The other day, I heard the Stranglers’ Strange Little Girl for the first time in ages, prompting me to recall having an Indian takeaway in a friend’s Morris Oxford somewhere off the Clarendon Road on a sunny evening in 1982. I wonder: does this help explain why older people are more hostile to the Labour party than younger ones?
My response to that particular song was of course idiosyncratic. But it is nevertheless typical. All of us have Proustian madeleines – cues that prompt us to recall some memories. We all, I suspect, have songs which we associate with specific people and places. This is why “trigger warnings” are sometimes necessary: traumatic memories can indeed be triggered. As Daniel Levitin writes:
The brain is not like a warehouse; rather, memories are encoded in groups of neurons that, when set to proper values and configured in a particular way, will cause a memory to be retrieved and replayed in the theatre of our minds. The barrier to being able to recall everything, we might want to is not that it wasn’t ”stored” in memory, then; rather, the problem is finding the right cue to access the memory (This Is Your Brain on Music, p165)
In a new paper Jessica Wachter shows that this process colours our financial decision-making. Take for example the finding of Erin McGuire and Stefan Nagel and Ulrike Malmendier (pdf), that economic conditions in our formative years influence how much we invest in equities even decades later. From one point of view, this seems absurd: expected returns are the same for all of us. So, how can it happen? Simple. The questions “should I buy shares?” or “What is the economic outlook?” trigger particular memories. For some, these are memories of the bear market of the 70s. For slightly younger people they are memories of the 80s bull market. And these generations invest accordingly.
A similar thing, says Professor Wachter, explains why shares fell so far – in hindsight by too much – when Lehmans collapsed. This triggered memories of (reading about) the Great Depression and hence alarm. (Luckily, though, it also reminded the Fed of the Great Depression, so it knew what not to do).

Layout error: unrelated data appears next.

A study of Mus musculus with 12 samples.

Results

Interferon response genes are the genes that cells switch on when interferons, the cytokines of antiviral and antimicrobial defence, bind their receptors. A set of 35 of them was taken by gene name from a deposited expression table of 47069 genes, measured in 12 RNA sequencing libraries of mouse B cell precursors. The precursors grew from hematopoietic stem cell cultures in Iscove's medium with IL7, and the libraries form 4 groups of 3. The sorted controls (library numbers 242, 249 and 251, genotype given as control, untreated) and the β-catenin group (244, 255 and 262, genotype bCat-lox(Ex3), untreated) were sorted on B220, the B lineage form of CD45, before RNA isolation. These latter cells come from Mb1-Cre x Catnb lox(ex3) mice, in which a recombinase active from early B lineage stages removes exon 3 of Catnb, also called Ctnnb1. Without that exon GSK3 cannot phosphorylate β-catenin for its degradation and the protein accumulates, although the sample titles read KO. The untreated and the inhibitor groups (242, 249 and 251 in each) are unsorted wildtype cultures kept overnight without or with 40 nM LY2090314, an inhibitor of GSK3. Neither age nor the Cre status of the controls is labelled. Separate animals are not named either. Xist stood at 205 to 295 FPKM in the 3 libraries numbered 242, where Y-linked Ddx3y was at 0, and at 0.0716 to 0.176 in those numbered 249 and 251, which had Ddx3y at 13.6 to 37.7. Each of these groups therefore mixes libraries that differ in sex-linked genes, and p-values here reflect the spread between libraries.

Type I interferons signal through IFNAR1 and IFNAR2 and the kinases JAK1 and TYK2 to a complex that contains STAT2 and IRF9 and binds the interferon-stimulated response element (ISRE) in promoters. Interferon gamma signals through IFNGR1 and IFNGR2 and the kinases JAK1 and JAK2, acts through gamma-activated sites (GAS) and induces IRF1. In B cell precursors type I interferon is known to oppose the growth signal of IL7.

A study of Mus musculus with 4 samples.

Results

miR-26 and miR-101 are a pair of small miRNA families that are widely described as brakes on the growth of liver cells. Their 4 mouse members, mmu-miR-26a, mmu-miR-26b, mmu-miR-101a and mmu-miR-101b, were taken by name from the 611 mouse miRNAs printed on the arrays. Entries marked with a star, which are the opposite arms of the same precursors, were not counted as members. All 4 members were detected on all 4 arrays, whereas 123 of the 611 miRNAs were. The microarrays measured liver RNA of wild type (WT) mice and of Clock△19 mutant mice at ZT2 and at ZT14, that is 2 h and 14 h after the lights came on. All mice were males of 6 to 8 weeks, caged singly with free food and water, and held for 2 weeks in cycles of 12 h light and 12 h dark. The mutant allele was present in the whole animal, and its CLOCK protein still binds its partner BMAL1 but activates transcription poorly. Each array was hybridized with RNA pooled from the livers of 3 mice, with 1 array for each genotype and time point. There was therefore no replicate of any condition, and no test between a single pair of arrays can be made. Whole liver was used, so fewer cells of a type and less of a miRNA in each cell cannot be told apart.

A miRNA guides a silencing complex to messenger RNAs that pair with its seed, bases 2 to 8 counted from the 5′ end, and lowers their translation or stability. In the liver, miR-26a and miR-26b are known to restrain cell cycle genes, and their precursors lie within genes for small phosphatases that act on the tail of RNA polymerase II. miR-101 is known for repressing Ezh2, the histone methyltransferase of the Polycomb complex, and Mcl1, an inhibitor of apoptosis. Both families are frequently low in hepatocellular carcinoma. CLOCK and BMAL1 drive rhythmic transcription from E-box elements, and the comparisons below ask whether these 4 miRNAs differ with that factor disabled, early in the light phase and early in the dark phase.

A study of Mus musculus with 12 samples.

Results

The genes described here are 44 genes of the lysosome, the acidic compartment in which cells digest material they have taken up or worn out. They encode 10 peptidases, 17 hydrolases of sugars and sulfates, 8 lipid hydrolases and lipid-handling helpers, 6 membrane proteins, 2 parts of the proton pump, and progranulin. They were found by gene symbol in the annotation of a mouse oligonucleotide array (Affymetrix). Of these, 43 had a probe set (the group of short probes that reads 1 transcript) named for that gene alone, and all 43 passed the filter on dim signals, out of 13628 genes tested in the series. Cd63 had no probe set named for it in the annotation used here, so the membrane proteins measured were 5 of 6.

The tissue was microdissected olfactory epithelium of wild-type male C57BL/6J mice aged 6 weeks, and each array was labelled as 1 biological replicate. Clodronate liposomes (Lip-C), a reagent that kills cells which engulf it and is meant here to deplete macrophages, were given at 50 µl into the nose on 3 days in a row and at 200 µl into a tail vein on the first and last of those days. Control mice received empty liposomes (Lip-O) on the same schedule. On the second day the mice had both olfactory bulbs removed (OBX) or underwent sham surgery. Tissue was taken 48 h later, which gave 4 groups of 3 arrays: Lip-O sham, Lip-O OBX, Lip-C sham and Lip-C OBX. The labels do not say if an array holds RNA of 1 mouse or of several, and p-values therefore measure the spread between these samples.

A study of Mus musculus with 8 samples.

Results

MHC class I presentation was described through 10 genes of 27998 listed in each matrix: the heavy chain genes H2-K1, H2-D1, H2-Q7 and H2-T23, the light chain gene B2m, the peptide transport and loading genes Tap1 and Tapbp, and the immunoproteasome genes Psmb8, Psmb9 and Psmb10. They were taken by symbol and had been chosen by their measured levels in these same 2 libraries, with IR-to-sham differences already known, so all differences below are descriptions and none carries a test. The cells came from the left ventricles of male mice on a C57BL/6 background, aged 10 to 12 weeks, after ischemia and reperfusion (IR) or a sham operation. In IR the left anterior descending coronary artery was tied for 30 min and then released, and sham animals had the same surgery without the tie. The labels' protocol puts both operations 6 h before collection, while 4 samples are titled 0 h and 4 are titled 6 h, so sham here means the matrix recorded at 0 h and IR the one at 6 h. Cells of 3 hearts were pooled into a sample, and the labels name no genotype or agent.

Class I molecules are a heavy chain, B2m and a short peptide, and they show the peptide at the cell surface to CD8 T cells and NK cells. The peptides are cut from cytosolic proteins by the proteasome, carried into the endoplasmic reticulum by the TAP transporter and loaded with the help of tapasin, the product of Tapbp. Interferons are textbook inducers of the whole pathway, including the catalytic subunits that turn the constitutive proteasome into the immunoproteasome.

I suspect a similar process contributes to older people’s greater opposition to Labour. Remember that it is not inevitable that young people should be predominantly left-wing: in 1987, for example, more of them supported the Tories than Labour. So why are things different today?
One reason, of course, is that older people own houses and younger ones don’t.
But it could be that different memories are involved. If you are in your mid-50s or older, talk of a left-wing Labour party cues memories of the Soviet Union and of the 1970s – and of the more salient aspects of the 70s such as strikes rather than less salient ones such as the fact that most workers got better real-terms pay rises than they’ve had recently.
Young people, however, have none of these memories. For them, talk of nationalizing the railways trigger not memories of British Rail sandwiches but of pleasant train journeys in Europe.
Of course, the 1970s were the 1970s whether you experienced them or not. But as David Hume said, actual experiences – impressions – are stronger than mere ideas.
In one sense, all of this might be trivially obvious. In another, though, it’s not. Even though the truth should in theory be the same for all of us – in the way that future share price moves will be – we perceive it differently. This is not (just) because we are stupid or dishonest. It’s because of how memory works.